The most common animal to share your property uninvited is the bat. Bats are legally protected. On entering a loft space, or disused attic room, look for evidence of bats. This could include a lack of cobwebs, droppings on the floor, (similar to mouse droppings but which crumble when crushed between fingers) and butterfly wings. If you notice any of these signs, it is better to leave the roof space and contact the local bat group Natural England, Scottish Natural Heritage or Natural Resources Wales. They will be able to provide you with guidance on whether bats are noted in the area, and some local bat groups may be willing to come and undertake a bat survey.
A bat survey is generally undertaken on several nights over a few weeks at either dusk or dawn. They will use specialist equipment to listen for bats as well as watching for bat activity.
If bats are present in either the roof space, within the roof covering or even located in the cracks between the stone or brick, then when undertaking minor repair works, advice from the local bat group or national agency must be obtained.
When undertaking any construction works, such as re-roofing, or major re-pointing and there is evidence of bats, then a licence will be needed from the national agency, via an accredited ecologist.
Other animals are also protected and you can check the extent in Schedule 2 of The Conservation (Natural Habitats etc.) Regulations 1994. These include dormice and great crested newts which generally do not effect the maintenance of a building, but are worth considering when undertaking works to an outbuilding or derelict building. Badgers have their own legislation, The Protection of Badgers Act 1992 While badger setts don’t generally interfere with properties, they may cause undermining to boundary walls or to remote out buildings. The national agencies can provide guidance on relocating badger setts if the sett is causing severe harm or damage.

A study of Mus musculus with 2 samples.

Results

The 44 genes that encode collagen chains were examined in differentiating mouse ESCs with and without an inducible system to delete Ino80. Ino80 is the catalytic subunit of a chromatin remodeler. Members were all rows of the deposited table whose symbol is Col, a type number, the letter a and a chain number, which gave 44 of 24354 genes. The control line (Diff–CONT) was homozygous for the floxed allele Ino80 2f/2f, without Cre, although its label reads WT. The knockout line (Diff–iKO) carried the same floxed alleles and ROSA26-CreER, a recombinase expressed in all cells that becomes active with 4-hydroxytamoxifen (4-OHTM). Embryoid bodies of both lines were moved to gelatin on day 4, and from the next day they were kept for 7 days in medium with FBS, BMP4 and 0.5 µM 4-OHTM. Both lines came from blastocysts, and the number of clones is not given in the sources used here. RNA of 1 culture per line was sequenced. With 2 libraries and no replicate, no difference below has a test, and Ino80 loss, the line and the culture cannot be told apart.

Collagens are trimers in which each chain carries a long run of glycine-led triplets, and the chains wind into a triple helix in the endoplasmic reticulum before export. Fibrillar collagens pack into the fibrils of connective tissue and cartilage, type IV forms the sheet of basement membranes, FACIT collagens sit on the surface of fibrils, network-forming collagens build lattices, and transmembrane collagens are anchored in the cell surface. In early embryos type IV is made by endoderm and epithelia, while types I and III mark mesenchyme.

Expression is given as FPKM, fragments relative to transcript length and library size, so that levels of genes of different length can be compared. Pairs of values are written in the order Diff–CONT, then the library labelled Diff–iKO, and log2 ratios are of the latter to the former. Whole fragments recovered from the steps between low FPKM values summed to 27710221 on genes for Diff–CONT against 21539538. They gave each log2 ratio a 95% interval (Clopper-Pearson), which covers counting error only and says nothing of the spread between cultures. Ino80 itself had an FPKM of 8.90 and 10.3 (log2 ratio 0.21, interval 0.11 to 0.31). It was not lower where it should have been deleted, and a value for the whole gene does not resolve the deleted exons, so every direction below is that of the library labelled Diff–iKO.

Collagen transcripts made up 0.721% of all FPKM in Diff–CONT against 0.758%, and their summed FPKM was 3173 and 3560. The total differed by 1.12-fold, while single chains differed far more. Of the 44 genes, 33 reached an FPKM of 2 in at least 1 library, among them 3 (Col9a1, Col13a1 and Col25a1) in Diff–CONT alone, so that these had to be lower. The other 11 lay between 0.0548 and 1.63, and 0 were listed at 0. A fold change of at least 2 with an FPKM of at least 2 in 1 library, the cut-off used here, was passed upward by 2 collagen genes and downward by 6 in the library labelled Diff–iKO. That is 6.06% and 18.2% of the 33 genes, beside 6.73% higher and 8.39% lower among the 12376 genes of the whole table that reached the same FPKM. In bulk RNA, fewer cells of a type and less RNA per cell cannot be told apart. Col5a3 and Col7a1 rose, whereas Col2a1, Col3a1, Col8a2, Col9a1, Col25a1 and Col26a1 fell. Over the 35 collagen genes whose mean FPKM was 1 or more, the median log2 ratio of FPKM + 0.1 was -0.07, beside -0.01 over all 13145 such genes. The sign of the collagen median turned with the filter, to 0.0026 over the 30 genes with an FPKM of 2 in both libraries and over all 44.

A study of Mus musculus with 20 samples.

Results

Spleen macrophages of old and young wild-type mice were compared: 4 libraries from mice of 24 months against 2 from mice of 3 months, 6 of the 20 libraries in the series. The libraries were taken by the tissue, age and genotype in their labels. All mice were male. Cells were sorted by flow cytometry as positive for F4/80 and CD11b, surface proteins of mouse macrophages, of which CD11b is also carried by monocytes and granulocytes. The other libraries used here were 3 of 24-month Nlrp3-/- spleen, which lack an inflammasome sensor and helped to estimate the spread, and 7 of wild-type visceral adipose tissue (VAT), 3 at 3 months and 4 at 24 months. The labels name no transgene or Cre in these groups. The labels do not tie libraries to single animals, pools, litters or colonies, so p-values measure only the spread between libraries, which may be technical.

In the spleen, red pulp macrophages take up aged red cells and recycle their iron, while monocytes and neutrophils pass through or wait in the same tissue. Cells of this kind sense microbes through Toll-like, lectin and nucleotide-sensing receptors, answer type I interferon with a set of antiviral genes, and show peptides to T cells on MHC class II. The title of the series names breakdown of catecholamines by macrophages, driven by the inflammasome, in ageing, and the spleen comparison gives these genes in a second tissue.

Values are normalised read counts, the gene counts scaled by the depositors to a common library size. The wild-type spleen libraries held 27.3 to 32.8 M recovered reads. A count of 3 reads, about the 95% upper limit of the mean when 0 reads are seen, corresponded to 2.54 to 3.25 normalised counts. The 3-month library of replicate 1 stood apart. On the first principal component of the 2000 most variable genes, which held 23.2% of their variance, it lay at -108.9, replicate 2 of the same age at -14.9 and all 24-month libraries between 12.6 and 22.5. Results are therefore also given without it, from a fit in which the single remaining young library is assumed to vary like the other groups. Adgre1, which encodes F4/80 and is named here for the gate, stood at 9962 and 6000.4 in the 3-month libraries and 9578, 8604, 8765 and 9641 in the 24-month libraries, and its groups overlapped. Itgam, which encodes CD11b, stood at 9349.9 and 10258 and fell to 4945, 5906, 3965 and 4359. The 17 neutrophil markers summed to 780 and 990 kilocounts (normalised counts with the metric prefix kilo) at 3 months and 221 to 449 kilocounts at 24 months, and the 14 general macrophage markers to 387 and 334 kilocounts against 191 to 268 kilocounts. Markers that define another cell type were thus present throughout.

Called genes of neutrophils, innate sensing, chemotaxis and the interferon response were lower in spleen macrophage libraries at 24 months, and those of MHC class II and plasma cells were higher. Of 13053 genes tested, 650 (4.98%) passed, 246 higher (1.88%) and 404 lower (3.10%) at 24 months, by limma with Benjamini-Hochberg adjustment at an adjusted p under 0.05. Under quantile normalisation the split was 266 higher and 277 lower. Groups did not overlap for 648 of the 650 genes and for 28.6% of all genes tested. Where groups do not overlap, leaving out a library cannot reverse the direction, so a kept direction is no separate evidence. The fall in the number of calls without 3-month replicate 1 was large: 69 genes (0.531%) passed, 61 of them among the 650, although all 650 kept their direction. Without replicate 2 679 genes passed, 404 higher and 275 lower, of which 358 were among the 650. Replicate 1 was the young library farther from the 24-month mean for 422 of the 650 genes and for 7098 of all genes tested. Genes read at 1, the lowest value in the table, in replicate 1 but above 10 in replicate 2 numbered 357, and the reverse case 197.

Tree Preservation Orders
If you plan to fell that old oak or remove the branch that knocks against the roof on windy nights, first consider if it might be subject to a Tree Preservation Order. DirectGov provides an online service to help you do this or you can call the local authority.
If the tree is protected you will need first to seek the relevant Department’s consent to do so by contacting the Tree Officer in your local Planning Office, describing the location of the tree and the works required.
Trees in Conservation Areas
Trees in conservation areas have a degree of protection even without a TPO. You must give the Local Authority notice in writing setting out what you want to do to any tree at least six weeks ahead of any actions. In England this is called a ‘section 211 notice’ and it gives the Authority an opportunity to consider protecting the tree.